Campylobacter is an infection found in chicken's that has been around for generations.
Manor Farm and the Irish poultry industry is committed to eradicating Campylobacter and has invested considerable time and finances to achieve this goal over the last ten years. We have already implemented important changes at farm level and in our processing plants - and continue to do so today.
Campylobacter is not a new infection – it has always been in chicken. It's why past generations knew that you had to be careful with handling chicken – and that's still true today.
Campylobacter exists in the gut of many animals, including chicken. It can be a problem in chicken because the skin is left on until a later stage of processing, unlike other animals where the skin and hides are removed at the beginning of processing.
Campylobacter exists in the digestive system of most farm animals pets (dogs and cats) and insects (including house flies) – so the reservoir of these bacteria is enormous. Campylobacter levels in chicken are low in winter and higher in summer.
Campylobacter existed back at the time of the dinosaur and through evolution has colonised the digestive tracts of mammals and birds. It is different from all other pathogens (Bacteria that cause gastro infections in humans) in that it does not like oxygen and has a tail that enables it to move deep into folds and wrinkles of skin (and away from oxygen) making it very difficult to eradicate. Campylobacter is particularly resilient when it gets access to moisture – this is why Ireland and the UK have higher incidences than other countries in Europe because of the wet weather.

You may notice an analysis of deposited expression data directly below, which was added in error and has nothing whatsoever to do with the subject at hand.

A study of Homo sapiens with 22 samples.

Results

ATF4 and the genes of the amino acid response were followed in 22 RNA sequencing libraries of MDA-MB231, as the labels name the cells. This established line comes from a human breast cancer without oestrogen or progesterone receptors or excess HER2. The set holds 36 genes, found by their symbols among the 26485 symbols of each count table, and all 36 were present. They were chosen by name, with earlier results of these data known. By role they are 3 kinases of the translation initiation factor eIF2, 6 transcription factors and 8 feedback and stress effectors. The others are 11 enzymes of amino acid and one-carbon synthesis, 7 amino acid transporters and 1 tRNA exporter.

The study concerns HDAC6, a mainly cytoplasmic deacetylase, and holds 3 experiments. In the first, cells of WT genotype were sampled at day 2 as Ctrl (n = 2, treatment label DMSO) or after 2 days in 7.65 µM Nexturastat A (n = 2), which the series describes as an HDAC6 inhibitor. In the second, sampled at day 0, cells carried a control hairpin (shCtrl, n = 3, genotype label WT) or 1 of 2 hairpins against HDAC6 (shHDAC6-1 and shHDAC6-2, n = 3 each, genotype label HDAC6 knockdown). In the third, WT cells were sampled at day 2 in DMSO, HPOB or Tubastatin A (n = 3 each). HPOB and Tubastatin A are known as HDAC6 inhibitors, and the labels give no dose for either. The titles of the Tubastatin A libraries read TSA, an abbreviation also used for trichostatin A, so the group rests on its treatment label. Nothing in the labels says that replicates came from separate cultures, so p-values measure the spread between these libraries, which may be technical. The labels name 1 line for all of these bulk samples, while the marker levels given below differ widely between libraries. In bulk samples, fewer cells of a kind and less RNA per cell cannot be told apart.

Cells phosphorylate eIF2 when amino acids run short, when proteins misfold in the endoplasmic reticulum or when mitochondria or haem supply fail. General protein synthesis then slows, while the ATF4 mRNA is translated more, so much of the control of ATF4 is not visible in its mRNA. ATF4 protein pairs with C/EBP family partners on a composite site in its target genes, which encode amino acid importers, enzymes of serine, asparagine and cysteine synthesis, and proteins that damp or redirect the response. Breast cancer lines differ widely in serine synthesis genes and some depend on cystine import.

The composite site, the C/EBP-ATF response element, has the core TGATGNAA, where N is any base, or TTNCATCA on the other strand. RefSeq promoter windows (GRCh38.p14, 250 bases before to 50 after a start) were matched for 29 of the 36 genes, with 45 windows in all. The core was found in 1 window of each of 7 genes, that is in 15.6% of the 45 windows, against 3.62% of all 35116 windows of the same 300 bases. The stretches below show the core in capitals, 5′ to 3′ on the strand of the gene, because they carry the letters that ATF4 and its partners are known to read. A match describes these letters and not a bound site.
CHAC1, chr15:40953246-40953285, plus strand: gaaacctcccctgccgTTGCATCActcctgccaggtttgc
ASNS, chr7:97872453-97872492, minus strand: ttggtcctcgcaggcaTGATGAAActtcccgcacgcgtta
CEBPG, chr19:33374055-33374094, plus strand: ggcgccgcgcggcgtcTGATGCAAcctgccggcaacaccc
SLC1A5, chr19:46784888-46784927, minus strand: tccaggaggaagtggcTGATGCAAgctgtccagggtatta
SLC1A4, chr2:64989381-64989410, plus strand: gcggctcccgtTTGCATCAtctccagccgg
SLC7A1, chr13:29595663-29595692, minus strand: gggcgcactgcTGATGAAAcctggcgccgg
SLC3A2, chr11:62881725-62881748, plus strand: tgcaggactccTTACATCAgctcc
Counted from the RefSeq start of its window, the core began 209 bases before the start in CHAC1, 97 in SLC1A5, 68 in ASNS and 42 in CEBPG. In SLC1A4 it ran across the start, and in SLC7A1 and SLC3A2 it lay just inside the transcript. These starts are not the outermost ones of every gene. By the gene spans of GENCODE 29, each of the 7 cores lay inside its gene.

The challenge is enormous and overwhelming but the solution will come with the help of a multi-faceted approach across both farms and processing plants. The Irish chicken industry stands ready to implement immediately any innovation that is proven to reduce or eliminate Campylobacter.
Manor Farm has the following guide to the safe handling of chicken:
1. Do not wash chicken – this just spreads Campylobacter around the sink area.
2. After handling raw chicken –
i. Wash thoroughly your hands with an anti-bacterial spray or with soap and warm water
ii. Wash thoroughly the knife, the plate, the chopping board you used with an anti-bacterial spray or with soap and warm water
iii. The dish cloth or sponge that you used must be cleaned thoroughly with hot water and soap because this will spread it where-ever you wipe because Campylobacter is very difficult to kill in a moist environment.
3. Cook your chicken thoroughly – until the juices run clear
4. Always store raw chicken in your fridge on the bottom shelf – so that no drippage occurs on any other food.